My Ignition Interlock Requires a Test While Driving – Is that Dangerous?

If you’re unfamiliar with ignition interlock devices — those  in car breathalyzers that prevent a vehicle from starting if the driver has been drinking — you might think that they’re easy to bypass. “Just have a friend blow into it,” people say. “Or start the car while you’re sober, and then leave the motor running while you’re at the bar drinking.”   State regulations require that all people who have an interlock in their vehicle take tests while the car is in motion.  These are known as “random re tests.”

After you have passed the initial test and begin driving, the device will require you to blow into it again.   LifSafer devices give an audible alert and the driver picks the handset up and blows.   There is  time (determined by state regulation, but usually between 3 and 5 minutes) between the alert and the need to test for you to pull safely off the road and test.   There is no need to look at the device while testing.    If you fail or refuse this random re-test, alarms will sound — the horn will honk and lights flash, but the vehicle will continue to operate.  An interlock will NEVER interfere with the operation of the vehicle once it is started.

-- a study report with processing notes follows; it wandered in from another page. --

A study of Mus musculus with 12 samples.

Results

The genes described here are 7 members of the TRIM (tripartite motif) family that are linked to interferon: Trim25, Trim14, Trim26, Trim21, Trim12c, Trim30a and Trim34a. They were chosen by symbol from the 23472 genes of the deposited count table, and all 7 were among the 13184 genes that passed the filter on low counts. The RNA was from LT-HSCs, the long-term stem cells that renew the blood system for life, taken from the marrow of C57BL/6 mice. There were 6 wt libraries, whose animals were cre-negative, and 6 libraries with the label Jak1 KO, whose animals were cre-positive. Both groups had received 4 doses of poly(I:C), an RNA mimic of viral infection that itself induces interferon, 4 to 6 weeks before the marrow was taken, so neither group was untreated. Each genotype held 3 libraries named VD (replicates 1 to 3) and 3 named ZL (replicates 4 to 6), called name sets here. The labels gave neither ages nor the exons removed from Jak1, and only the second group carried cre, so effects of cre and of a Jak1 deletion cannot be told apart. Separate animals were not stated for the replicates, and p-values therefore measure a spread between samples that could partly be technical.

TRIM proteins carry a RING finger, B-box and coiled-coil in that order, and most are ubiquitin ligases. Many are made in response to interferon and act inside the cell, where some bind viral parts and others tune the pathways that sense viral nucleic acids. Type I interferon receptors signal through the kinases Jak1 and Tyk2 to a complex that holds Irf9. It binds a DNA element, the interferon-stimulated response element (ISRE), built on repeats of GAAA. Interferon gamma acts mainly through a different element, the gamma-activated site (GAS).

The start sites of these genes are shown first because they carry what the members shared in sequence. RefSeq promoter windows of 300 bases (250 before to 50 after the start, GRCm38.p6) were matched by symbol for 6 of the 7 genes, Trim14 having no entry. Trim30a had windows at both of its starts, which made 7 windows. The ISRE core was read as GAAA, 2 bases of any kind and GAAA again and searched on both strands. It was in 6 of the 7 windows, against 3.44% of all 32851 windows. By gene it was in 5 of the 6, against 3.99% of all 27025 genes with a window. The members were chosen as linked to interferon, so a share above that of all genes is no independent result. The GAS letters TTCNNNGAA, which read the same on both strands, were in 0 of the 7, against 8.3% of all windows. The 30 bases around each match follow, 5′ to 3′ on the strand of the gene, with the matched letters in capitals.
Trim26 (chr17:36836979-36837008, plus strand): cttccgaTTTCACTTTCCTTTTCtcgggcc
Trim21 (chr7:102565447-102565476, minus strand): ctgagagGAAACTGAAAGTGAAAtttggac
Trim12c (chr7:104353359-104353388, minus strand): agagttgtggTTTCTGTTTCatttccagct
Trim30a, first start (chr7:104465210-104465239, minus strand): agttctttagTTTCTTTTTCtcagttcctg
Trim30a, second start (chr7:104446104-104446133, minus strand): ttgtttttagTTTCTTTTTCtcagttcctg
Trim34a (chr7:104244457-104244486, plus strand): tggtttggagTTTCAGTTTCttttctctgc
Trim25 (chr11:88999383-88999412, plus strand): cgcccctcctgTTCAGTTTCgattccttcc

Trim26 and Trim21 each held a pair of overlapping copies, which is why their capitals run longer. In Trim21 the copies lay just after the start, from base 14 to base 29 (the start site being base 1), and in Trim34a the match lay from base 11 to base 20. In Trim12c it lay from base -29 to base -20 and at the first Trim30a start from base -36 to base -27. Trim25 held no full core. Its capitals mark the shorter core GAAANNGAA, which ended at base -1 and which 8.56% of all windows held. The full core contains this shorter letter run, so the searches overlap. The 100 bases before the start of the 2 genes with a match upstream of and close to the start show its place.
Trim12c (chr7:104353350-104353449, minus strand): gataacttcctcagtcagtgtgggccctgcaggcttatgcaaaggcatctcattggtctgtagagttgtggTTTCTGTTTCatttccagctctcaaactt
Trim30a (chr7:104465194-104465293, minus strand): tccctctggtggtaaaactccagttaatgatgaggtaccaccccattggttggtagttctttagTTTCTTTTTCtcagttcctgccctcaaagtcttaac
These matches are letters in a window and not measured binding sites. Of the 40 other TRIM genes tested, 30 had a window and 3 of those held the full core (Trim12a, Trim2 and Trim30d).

Rolling retests can be one of the most unexpected parts of driving with an interlock. How often random re-tests are required is set by state regulation.      At LifeSafer, many of our employees field test our devices so we can fully understand our customer’s experience.   We recommend practicing with your ignition interlock when its first installed by taking short drives in familiar locations or in a large parking lot and taking the random retest until it becomes second nature.